Wesley Miles cannot be contained. His exuberance is boundless and irresistible. A small stage is comfortable for him, and it does not matter if a large cello crowds his elbow or if five people are onstage with him. His curly hair bounces with each thump of the drum while his arms draw circles in the air with the beautiful rise and fall of strings.
Ra Ra Riot’s music swells within the close-set walls of Detroit Bar, and we have to wonder how Costa Mesa was so lucky to be a point on “The Rhumb Line” phenomenon.
Ra Ra Riot has embarked from perhaps the farthest point across the nation, Syracuse, NY, on an exhaustive four-month tour across the United States and even the Atlantic to promote its debut LP, “The Rhumb Line.” The six friends met at a local university — some even passing over school in favor of the burgeoning music career.
The band is fleshed out with Mike Bonacci, Mathieu Santos, Gabriel Duquette, Alexandra Lawn and Rebecca Zeller. The final two members contribute the most distinct characteristic to the band: delicate strings on cello and violin respectively. Ra Ra Riot sets itself apart from the unceasing proliferation of indie bands and warms hearts even in Iceland.
Since its inception in 2006, Ra Ra Riot has had everything from house gigs to invitations to Icelandic festivals. It has toured with the illustrious likes of Vampire Weekend, Death Cab for Cutie and the Morning Benders.
On the night of March 2 at Costa Mesa’s Detroit Bar, the band played with New Zealand’s Cut Off Your Hands and Seattle’s Telekinesis.
Cut Off Your Hands was energetic enough, yet not exceptional as they were mostly shouting in time to pop beats. Meanwhile, Telekinesis consisted of the lone Michael Benjamin Lerner in the studio, but Lerner was joined on-stage by friends for a fuller sound. Although classified as “minimalist,” Lerner’s sincere songs do not leave us wanting.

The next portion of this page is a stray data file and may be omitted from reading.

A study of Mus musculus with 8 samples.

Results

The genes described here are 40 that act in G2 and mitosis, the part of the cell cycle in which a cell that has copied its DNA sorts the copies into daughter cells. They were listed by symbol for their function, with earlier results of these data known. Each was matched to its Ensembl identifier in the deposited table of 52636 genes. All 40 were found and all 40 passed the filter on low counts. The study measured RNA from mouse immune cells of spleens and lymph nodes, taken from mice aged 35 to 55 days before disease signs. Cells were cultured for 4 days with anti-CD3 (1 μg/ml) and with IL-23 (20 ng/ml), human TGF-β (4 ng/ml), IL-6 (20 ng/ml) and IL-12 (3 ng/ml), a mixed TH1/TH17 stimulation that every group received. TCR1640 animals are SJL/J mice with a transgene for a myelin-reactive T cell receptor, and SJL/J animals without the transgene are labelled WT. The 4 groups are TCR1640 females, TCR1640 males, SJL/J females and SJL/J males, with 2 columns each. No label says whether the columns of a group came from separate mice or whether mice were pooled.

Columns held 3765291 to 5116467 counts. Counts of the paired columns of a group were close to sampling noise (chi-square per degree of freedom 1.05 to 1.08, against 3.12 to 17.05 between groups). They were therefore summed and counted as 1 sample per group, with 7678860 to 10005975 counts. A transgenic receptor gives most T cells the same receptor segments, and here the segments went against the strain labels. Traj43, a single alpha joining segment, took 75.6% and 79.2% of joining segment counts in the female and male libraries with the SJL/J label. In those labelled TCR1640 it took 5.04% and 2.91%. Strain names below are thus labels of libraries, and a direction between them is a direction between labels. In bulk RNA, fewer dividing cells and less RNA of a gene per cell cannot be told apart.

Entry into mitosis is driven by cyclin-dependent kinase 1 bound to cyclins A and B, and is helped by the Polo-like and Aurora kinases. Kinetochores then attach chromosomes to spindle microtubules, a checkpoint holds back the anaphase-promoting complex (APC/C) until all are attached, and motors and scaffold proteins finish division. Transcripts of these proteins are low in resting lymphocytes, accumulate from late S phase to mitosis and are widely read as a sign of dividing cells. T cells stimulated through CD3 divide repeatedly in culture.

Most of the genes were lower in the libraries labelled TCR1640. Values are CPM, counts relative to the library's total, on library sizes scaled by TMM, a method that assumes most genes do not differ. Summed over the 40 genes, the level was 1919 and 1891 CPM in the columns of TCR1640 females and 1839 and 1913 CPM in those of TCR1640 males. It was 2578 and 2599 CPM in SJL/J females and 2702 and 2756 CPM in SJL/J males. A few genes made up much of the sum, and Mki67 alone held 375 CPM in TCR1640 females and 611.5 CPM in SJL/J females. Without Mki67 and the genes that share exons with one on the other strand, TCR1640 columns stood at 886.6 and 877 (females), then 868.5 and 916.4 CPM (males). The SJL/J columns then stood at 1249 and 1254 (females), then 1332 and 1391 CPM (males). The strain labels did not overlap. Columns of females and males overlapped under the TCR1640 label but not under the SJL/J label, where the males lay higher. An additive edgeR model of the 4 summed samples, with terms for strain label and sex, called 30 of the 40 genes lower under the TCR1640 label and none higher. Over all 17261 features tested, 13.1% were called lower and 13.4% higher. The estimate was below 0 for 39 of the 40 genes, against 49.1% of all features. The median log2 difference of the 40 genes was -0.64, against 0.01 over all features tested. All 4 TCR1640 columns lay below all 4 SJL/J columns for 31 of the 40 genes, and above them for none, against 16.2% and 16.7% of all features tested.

Following the opening bands, Ra Ra Riot did not take long to set up its elaborate outfit of instruments on the cramped stage. Earlier in the night than expected, its set began with the faint strains of “St. Peter’s Day Festival” wafting throughout the dark venue.
Once the band built up momentum, it didn’t let up on the dance songs and energy. “Can You Tell,” “Dying is Fine” and “Oh La” were crowd favorites. Unfortunately, true to its title, “Too Too Too Fast” seemed excessive.
“Ghost Under Rocks” slowed the show down appropriately while keeping a pulse to the show; it was a haunting song beside the predominantly charming others.
Ra Ra Riot had only so many songs to play, with only one album to its name. Still, the band found the last dregs of energy inside of them and performed an encore, playing “Everest” with new tweaks that promise new material to come.
The band is anything but unproductive, having accomplished much in just three years. In addition to success, Ra Ra Riot has soldiered through tragedy; its original drummer, John Pike, was found drowned on a past tour.
Sorrow is apparent in the words but dressed in dignity and melody, and the remaining members honor John Pike’s memory both in “Winter ’05” and with its persistence.
Ra Ra Riot has the right sound and heart to please the ears and win the loyalty of audiophiles. Miles and his band of merry men and women who jump up and down, clutching their sticks, microphones and bows, never missing a beat. As a bright first effort, “The Rhumb Line” beckons you to follow this charming band.
Ra Ra Riot will continue its tour as an opener on Death Cab For Cutie’s spring tour during select dates. Its debut album, “The Rhumb Line,” is currently available.